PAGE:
I enjoy watching journalists grow and learn about our profession. I recounted last month how Lisa Fernandez of the San Jose Mercury News tried live-tweeting after a webinar I led on using Twitter to improve your journalism.
Lisa tweeted and emailed recently about another lesson she learned about engaging with the community:
Lisa’s email to me last week told the story:
Each December, most reporters at the Mercury News avoid editor Mike Frankel, who has a gleam in his eyes as he hunts for the perfect Christmas story.
It may sound weird, but I actually love these hokey stories; they’re usually filled with hope and silver linings. So when “Frankel,” as we call him, came by my desk this year, he told me that he was upping the ante. He pitted me and two other reporters to find him the front-page story to run on Christmas morning. He’d buy the winner the lunch of their choice.
The competition was on. And I pulled out all the stops. Of course, I was prepared to use gum-shoe, old-fashioned techniques, like, uh, calling sources. But hoping to get results quickly, and also to branch out to potential new source avenues, I crowdsourced.
(As an aside, I must tell you that I hate all lingo, I especially hate social media lingo, and crowdsource is a word high on my yuk-list. To help alleviate the pain of the word, I liken “crowdsource” to “putting out a fetcher,” yet another journo slang word.)
Anyway, I put out a fetcher/teaser/call-to-action/call-it-what-you-will on the Merc’s Facebook account. And I tweeted to my followers and to the Merc’s followers that “reporter Lisa Fernandez is looking for the perfect Christmas story, something heartwarming, but not too schmaltzy. She’ll know it when she hears it.”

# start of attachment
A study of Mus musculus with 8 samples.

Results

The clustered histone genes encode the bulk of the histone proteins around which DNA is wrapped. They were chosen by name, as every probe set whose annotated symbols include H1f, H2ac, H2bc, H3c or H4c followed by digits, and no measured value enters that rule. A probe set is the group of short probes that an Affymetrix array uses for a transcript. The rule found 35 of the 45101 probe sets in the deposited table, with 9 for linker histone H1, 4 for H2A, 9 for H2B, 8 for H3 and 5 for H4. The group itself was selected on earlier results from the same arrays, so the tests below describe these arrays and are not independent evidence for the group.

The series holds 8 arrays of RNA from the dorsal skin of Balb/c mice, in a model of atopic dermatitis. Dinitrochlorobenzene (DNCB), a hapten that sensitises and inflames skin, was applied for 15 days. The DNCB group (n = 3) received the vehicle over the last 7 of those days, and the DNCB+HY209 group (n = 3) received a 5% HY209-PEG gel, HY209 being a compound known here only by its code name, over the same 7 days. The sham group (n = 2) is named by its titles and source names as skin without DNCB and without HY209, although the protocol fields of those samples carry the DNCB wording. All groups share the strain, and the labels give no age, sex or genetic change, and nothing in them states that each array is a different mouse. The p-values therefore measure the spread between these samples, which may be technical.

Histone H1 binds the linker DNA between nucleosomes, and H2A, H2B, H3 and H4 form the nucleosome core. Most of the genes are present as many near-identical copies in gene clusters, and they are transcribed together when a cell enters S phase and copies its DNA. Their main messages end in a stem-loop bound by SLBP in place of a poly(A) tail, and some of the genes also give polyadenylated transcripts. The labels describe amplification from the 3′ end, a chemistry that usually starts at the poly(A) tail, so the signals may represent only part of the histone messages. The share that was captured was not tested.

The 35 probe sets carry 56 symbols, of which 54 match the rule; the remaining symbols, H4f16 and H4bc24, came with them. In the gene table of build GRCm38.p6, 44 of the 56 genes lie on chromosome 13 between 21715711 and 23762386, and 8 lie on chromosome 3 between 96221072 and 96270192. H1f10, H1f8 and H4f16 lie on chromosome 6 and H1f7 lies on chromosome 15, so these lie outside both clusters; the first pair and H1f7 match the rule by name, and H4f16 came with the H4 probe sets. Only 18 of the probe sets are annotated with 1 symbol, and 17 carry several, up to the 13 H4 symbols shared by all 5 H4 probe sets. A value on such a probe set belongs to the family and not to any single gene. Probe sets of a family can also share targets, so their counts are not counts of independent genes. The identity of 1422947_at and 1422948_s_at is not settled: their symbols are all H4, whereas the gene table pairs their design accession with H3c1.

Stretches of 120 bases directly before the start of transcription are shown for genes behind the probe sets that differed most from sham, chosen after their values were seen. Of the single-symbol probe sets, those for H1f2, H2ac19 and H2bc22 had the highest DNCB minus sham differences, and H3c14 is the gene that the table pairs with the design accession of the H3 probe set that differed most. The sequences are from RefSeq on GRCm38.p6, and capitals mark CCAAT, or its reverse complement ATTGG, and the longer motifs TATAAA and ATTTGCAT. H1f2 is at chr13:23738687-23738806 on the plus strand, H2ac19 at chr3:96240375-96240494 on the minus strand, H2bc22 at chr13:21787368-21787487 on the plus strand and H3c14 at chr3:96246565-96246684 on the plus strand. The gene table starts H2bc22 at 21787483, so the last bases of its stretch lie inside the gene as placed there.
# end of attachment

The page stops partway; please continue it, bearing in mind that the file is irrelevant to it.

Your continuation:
The “crowd” in this case, turned out to be one guy, the only call I received. It turned out to be a firefighter, whose friend had read the Merc’s Facebook page, and told him to give me a buzz. The call was a winner. The story, about firefighters surprising a disabled man with a tricked-out tricycle, ran on the front page on Christmas.
And I just enjoyed a nice restaurant lunch, complete with my favorite salmon skin sushi and futomaki, with Frankel this week.
I welcome the skepticism of veteran journalists such as Lisa who look askance at new tools such as Twitter and new terms such as crowdsourcing. I make the same point often in workshops, that a key task for reporters is finding the right sources for stories. Crowdsourcing doesn’t always work. But it often works and it’s usually worth a try. Even if you get just a single response, as Lisa did, sometimes you’re just looking for the right source.
If you’re a veteran journalist who’s learning some digital skills and overcoming some skepticism, I’d love to share some of your experiences as well.